Kaylyn Boccia, Staff Writer
Robyn Ochs honored Coming Out Month on campus Tuesday October 23 by wearing her blue Action Hero shirt and speaking about equality and identity. Ochs was introduced by the president of the Gender and Sexuality Club, and opened up by saying that she hopes to “change people’s lives in 90 minutes.”
Robyn Ochs is an educator, speaker and activist. She is the editor of “Getting Bi: Voices of Bisexuals Around the World” and the Bi Women newsletter. Ochs has taught courses on LGBT history and politics in the United States and the politics of sexual orientation. She has won numerous awards for her work and is an advocate for the rights of all people and all identities.
In 1976, Ochs came out in her sophomore year of college as a bisexual. She mentioned during her talk that she had little resources during that time period to figure out bisexuality, and she felt alone and uncomfortable. Ochs used an interesting term to describe her lack of resources, which made the crowd laugh stating, she came out “BG,” meaning “before Google.” Ochs’ turning point in her life, as well as in her attitude towards who she is, was a bisexual discussion she attended at the Women’s Center in Cambridge, Massachusetts. Until that meeting, she felt like she was the only one. Being surrounded by 19 other bisexual women made her feel like she could finally be herself and she no longer felt alone or different. When Ochs asked these women if they too felt like they were alone and different prior to this discussion, the majority agreed. Since this moment, Ochs had gone from quiet about her sexuality, feeling alone and uncomfortable, to sharing it with the world.
Ochs has tried to create resources for young adults that she had wished she had while she was growing up. Initially, her talks consisted of strictly bisexuality, but she then chose to widen her spectrum and talk about all sexual identities. Ochs believes that a person has many different identities.
Ochs talked about significant people in our history who have had an effect on how we view sexuality today. The first person she spoke about was sexologist Alfred Kinsey. His study on sexuality of a human male was a significant piece in history. Using Kinsey’s scale, the audience participated in an interactive activity. Each member was given a sheet of questions to fill out with the numbers 0-6, with zero being exclusively heterosexual, six being exclusively homosexual and 1-5 being everything in between. These papers were then placed on the stage and given to another audience member. The purpose of this was to keep anonymity, and to be able to walk in another person shoes, quite literally. The audience was then asked to go to the back of the room where Ochs had created a large replica of Kinsey’s scale on the floor. As Ochs went through each question, each person moved to the number that correctly represented his or her person’s answer. The questions focused on sexuality during certain time periods, as well as certain experiences.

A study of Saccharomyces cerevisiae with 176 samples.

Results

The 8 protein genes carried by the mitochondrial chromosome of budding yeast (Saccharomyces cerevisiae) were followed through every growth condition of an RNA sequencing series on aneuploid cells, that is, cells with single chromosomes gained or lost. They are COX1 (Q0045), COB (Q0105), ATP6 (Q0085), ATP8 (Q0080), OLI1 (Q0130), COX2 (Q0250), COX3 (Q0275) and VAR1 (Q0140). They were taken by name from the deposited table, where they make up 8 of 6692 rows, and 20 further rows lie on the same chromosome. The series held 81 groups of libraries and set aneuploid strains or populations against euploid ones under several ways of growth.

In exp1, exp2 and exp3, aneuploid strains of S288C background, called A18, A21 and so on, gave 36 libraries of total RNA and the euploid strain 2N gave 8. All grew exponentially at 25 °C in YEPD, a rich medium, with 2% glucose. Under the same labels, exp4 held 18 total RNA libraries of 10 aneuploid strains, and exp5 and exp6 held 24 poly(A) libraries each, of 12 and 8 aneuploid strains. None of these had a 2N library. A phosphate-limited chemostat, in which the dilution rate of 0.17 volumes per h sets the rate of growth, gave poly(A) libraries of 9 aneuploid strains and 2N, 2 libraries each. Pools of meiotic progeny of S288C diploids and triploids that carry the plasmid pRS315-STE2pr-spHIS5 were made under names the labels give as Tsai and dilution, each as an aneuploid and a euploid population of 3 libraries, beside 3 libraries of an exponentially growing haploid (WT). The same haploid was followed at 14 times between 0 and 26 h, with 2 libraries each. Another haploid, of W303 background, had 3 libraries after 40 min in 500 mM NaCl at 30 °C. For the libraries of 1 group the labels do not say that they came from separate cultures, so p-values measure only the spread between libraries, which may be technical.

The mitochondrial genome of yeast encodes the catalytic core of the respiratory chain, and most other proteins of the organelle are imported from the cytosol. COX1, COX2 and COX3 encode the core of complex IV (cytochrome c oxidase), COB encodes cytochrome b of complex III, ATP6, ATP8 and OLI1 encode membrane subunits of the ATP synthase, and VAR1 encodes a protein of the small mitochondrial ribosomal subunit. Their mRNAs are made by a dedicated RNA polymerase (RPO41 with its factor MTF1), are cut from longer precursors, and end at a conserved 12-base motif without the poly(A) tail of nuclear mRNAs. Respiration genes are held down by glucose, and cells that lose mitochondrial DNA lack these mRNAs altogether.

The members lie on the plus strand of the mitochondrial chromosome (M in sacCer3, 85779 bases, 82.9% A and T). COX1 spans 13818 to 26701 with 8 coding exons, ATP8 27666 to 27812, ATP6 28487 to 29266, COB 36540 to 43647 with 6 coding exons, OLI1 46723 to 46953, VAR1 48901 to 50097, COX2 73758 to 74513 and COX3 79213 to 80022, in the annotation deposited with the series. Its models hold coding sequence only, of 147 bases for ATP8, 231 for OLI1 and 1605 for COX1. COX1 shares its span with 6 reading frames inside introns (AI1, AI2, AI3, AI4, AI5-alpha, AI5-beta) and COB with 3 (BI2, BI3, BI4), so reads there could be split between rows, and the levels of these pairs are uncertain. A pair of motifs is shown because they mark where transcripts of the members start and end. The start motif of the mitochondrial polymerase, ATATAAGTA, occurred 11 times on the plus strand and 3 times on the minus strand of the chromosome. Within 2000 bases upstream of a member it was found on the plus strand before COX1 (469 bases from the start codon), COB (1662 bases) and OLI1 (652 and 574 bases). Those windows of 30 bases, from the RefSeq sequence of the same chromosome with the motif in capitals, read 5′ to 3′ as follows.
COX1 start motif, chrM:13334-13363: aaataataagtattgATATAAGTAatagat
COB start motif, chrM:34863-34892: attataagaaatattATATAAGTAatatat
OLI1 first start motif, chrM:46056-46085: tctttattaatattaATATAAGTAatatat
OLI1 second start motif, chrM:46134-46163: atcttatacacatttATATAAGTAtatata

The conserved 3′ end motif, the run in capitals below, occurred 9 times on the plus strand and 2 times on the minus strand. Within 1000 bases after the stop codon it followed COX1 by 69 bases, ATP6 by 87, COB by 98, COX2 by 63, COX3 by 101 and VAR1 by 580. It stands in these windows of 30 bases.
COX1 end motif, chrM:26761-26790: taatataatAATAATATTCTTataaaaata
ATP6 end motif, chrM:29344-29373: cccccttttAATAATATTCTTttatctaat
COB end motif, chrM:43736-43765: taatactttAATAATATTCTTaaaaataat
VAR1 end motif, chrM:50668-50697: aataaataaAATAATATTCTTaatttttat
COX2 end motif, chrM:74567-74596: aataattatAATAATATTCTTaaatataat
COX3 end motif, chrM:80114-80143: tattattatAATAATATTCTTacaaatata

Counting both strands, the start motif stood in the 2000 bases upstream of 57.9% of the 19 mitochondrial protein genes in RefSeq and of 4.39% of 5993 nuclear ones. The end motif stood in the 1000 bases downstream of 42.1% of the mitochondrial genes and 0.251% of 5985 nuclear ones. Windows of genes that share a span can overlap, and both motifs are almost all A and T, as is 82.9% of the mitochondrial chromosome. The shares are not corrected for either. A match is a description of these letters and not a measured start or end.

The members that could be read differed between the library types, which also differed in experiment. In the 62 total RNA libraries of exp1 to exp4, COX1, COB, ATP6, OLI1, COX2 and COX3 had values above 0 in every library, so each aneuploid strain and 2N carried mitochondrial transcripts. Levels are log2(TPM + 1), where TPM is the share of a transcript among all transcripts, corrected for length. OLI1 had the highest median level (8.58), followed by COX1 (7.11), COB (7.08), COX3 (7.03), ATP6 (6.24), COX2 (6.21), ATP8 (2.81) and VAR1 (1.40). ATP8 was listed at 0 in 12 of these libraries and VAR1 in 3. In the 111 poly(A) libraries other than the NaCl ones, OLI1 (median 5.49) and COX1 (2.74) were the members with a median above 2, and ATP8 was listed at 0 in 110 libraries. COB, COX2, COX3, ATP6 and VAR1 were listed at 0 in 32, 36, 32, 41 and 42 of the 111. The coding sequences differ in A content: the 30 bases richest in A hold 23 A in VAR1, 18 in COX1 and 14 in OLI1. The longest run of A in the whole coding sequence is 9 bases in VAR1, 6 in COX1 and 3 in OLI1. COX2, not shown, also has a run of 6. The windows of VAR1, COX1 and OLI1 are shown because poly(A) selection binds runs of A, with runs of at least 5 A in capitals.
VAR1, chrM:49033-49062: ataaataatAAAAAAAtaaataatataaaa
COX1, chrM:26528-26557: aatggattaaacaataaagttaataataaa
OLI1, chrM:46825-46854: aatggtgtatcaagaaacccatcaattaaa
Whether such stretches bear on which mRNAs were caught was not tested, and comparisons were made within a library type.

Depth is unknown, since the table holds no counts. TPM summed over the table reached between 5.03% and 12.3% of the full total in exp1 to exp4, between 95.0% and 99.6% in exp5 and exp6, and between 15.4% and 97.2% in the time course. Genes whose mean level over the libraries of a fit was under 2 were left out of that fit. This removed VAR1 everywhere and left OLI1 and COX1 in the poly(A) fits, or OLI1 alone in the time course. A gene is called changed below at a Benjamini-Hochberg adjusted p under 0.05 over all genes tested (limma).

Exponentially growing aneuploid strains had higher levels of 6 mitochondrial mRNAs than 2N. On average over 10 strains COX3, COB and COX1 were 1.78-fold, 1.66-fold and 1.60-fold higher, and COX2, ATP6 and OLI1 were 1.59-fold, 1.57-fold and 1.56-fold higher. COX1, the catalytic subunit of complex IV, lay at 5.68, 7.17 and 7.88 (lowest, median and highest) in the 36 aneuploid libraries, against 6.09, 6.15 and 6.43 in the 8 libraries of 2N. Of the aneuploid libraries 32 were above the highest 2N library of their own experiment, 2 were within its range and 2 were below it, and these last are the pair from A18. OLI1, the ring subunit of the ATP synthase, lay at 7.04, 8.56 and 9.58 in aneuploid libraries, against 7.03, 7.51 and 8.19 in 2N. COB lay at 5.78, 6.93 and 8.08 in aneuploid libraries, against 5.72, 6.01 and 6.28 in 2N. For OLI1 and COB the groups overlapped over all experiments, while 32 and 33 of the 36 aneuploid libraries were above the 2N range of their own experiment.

The final question asked of the person on this sheet was, “how do they identify sexually?” Ochs yelled out different identities and made sure to say that when she was done she wanted to hear any other identity she did not mention to make sure no one was left out. Members from the audience stated later that this exercise stood out and impacted them greatly. Extremely memorable during this exercise was Ochs mentioning that through the years of her doing this activity, the range of people in the middle and extremes of the spectrum had evened out, which showed her that “society has become more open.”
Ochs also talked briefly about Fritz Klein, a psychologist who reminded people that sexuality is more complicated than a line, like Kinsey’s model.
To conclude her interactive speech, Ochs involved the audience one last time by going around and asking each person to share what they were going to take away from this discussion. A majority of the audience expressed how the Kinsey scale activity affected them, and also shared a positive example of something they learned and/or liked. The audience consisted of all sexes and identities, and the crowd was open and respectful of each other. Ochs delivered a memorable speech for everyone who attended, and each member learned just a little more about someone else in the room. If only for two hours, individuals were finally given the chance to walk in someone else’s shoes.